The Devil Lives Here

Teenagers and twenty-somethings are much the same the world over, at least in horror movies. They stumble into urban legends just the same in South America as they do in the U.S. The Devil Lives Here is a Brazilian offering, based on the tale of the Honey Baron. It isn't a real urban legend, or more precisely not a preexisting urban legend as far as I can tell, but one they made up for the film. Being a Honey Baron doesn't seem all that awful (insert 'sweet' pun here), but this particular Honey Baron (Ivo Müller) is not at all a nice man. I should say "was", since he's been dead at least since the 1880's.

Back in the day, though, he was a big landowner who raised honeybees, and he ruled over his part of the world with an iron fist, doing horrible things to the slaves he owned. Inevitably they rose up against him and he was killed, but there's also a complicated curse involved to ensure that his soul will suffer and be trapped forever in the spot where he died. This spot happens to be in the basement of his old farmhouse, and requires a ritual to be performed every nine months to keep the curse going. Now that's high maintenance.

Enter four teenagers and twenty-somethings. Apolo (Pedro Carvalho) is the host, his family having bought the house some time ago. Best friend Jorge (Diego Goullart) has come for a visit with his girlfriend Alexandra (Mariana Cortines) and his cousin Maria Augusta (Clara Verdier), known as Magu. Alexandra, usually called Ale, has some issues, the kind that require medication, so I'm not sure taking her to a house with at least two tormented souls in the cellar is the best idea.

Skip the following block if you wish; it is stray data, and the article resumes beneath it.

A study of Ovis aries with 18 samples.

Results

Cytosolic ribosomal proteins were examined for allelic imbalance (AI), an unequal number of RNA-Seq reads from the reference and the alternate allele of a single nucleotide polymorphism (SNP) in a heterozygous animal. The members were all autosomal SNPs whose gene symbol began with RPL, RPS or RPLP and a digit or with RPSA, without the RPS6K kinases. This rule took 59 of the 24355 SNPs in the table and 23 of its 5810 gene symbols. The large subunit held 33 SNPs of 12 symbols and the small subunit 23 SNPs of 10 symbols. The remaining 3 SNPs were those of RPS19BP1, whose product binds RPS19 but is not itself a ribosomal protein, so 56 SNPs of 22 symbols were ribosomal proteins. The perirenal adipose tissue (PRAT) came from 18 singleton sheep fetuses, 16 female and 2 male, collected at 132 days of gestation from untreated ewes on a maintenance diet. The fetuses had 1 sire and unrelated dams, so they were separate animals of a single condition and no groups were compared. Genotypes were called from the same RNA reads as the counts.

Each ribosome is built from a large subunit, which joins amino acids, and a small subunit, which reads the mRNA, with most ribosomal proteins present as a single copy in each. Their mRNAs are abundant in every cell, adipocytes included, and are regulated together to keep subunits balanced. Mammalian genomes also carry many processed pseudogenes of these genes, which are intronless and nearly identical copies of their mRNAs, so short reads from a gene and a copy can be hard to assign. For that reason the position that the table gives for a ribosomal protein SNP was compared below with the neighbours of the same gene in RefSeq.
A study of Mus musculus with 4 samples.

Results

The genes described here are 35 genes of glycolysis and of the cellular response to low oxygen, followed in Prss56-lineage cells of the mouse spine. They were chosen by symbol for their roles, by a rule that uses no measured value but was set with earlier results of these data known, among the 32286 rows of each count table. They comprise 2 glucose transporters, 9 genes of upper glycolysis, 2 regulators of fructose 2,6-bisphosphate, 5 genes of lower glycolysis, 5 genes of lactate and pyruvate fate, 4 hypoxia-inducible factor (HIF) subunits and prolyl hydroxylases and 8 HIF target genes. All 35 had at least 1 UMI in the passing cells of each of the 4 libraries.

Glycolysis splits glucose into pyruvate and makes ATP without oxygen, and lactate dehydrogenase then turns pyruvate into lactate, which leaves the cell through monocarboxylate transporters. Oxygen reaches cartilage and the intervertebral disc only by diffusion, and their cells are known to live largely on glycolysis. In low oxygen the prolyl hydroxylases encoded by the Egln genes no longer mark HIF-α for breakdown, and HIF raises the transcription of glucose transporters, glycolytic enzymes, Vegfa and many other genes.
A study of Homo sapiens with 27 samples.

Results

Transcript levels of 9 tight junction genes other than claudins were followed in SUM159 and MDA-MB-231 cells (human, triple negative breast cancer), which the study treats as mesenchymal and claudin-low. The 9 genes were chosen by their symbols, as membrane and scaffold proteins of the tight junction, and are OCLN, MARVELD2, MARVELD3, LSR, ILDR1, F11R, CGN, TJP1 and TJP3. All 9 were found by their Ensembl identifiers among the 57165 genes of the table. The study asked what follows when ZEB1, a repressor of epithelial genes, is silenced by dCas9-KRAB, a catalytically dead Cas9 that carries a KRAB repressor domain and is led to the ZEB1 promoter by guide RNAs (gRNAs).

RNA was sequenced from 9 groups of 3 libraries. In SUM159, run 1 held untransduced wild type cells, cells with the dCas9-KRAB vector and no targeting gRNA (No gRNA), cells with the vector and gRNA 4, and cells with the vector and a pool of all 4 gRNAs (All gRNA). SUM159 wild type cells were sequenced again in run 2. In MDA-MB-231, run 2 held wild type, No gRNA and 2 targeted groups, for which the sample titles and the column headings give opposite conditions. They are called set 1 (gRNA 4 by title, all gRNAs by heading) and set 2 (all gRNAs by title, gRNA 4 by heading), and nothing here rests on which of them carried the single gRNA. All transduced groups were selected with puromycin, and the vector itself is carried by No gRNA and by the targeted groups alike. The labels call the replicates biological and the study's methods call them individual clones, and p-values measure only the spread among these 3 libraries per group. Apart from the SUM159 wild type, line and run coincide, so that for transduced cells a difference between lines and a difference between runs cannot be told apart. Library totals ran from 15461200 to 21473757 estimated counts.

Certainly Apolo is a little too interested in the old story, mainly in the fact that an innocent baby's spirit is also involved. I'm not up on rituals for making evil spirits suffer, but this one does seem a little harsh. The old caretaker has recently died -- not, apparently, as a result of the curse -- and therefore Apolo thinks no one will show up this time for the ritual refresher. Unknown to him, though, Sebastião (Pedro Caetano) and Luciano (Felipe Frazão), sons of the caretaker, intend to carry on the tradition, with the help of their 'secret weapon', Bento (Sidney Santiago).

This is where everything collides and it's very easy to start losing track of what's going on and why. I need to find some sort of online course in spirit-trapping, because I'm still hazy on some of the details. The Honey Baron (Barão do Mel in Portuguese, in case you're curious) seems able to persuade anyone to do anything, but it's hard to tell where his manipulation ends and coincidence begins. As is typical for horror movies, he gets a lot of lucky breaks anyway, so that doesn't help sort things out.

Despite scrambling to catch up, though, I enjoyed it. The performances are convincing and there's a good slow build to get to the really creepy parts. It isn't so full of blood and violence that it stops being shocking, which goes well with Müller's quietly insidious performance as the Honey Baron. The kids even have a bit more common sense overall than the average horror movie characters, though not quite enough. It isn't entirely their fault, though -- even with a script to look at this was probably still pretty confusing.

The creepy headgear is what beekeepers wore back in the day.